I’ve described earlier some attempts to get the Catweasel controller to read the disks. After eventually figuring out how to configure the disk-reading program ImageTool3 for the Catweasel, I tried the Amiga disk. It worked fine, with as far as I can see zero errors. From a cursory scan of Google, I reckon this raw disk format is known as ADF, so I renamed it XXXAmiga.adf (.adf was one of the candidate extension names under the selected "Plain" category for the ImageTool3 program).
Now, of course, we have to work out first how to extract files from the disk image, and then how to convert your particular file format into a modern day format.
Just simply reading the raw disk image with Notepad on Windows or Textedit (on my Mac) shows that there is real text there, that made sense to my colleague (see below)!
A comment from “Euan” on my earlier post suggested that we try the WinUAE Amiga emulator, and my colleague did that. He reported:
“Success. I've not only got the WinUAE Amiga emulator working, but managed to find a copy of the application that I wrote my CV and dissertation in (Final Writer 5) and have been able to read the files off the disk image you sent and display them (screenshots attached).
Not having any luck reading the individual files directly [CR: from his Windows system], though -- other than the odd word related to fonts and colours -- but then they are in native FW5 format.”
I asked if he was able to do any "save as" operations in his emulated Final Writer program, to move files from the disk image into the Windows file store. He reported:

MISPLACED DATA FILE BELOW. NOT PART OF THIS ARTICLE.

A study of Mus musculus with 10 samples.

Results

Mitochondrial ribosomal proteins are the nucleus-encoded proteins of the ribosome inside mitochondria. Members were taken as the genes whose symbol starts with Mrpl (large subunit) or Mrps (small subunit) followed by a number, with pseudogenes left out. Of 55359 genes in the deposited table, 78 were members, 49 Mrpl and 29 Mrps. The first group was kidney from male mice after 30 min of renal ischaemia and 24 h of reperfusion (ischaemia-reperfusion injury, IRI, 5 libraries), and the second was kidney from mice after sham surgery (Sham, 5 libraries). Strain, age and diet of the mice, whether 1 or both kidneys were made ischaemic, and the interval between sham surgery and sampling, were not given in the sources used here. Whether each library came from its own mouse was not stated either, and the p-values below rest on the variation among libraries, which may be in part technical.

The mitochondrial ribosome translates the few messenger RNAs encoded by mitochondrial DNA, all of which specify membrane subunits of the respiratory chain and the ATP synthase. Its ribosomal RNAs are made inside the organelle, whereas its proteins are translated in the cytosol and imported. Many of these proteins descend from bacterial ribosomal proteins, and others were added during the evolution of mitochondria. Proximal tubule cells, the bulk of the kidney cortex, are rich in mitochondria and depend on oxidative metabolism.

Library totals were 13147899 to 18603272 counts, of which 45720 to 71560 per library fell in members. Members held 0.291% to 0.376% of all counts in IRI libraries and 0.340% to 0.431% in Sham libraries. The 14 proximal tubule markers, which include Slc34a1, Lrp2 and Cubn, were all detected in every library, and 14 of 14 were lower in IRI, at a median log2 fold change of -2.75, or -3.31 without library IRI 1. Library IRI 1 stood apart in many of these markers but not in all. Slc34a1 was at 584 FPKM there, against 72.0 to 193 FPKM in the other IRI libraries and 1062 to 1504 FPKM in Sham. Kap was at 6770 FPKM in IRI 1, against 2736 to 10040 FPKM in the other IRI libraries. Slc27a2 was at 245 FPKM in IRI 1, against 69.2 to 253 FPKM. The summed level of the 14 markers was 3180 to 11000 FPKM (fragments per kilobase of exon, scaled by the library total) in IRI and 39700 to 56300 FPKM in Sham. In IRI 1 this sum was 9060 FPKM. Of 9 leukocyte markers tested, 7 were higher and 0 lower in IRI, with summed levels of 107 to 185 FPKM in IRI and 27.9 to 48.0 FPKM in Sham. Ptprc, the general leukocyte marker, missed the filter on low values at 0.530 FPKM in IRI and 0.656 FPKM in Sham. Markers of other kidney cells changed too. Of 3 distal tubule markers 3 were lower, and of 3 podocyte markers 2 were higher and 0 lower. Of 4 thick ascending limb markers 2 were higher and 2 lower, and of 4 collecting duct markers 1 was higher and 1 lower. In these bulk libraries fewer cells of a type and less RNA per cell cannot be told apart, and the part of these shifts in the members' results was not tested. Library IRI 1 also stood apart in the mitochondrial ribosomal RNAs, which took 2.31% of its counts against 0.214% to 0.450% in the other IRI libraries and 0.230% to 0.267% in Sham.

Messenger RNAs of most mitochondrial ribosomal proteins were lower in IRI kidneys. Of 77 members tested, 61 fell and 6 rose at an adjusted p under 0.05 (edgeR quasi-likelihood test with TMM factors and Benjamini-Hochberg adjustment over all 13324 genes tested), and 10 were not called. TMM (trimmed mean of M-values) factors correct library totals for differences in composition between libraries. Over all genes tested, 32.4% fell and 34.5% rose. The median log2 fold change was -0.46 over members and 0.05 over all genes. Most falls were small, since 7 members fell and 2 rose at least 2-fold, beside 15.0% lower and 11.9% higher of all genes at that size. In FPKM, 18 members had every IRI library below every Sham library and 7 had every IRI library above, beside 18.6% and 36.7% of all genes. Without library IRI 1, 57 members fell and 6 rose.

“I've tried re-saving my files in another format, if that's what you mean, but the program doesn't do anything -- I can select Save > Save As... from the menu but nothing happens. However, I can see all my individual dissertation files from my PC as the file system is mapped onto a directory.”
Now my colleague was able to read his CV.asc file with Notepad on Windows, but so far we have not been able to convert the dissertation to a modern format, nor to connect the Final Writer program inside the emulator to a printer. Frustratingly close, but still not quite where we would like to be. I did find a demo copy of Final Writer for Windows 95 on the WayBack machine (earliest lift of the site, also 1996), but unfortunately this wouldn't open the existing image unless we upgrade to the full-featured version... but the company appears to have gone bust in 1996-7 or thereabouts!
So what have we learned from this?
- It is possible to read a 13 year old floppy disk from an obsolete machine with an apparently incompatible disk format, kept under conditions of less than benign neglect, using cheap hardware on a recent Windows PC.
- It is possible to access the files from the obsolete operating system using an emulator that appears to have been written by spare time volunteers.
- It is possible to run the original application that created some of these files, under the emulator, and to read and process them (but not, so far, to save in another format).
- Using the emulator is valuable, but constraining (in being unfamiliar technology, with few manuals etc) and limiting (in not, so far, being able to do much more with the files). We would now like to migrate them to a modern environment; for my colleague, this means Windows or Linux.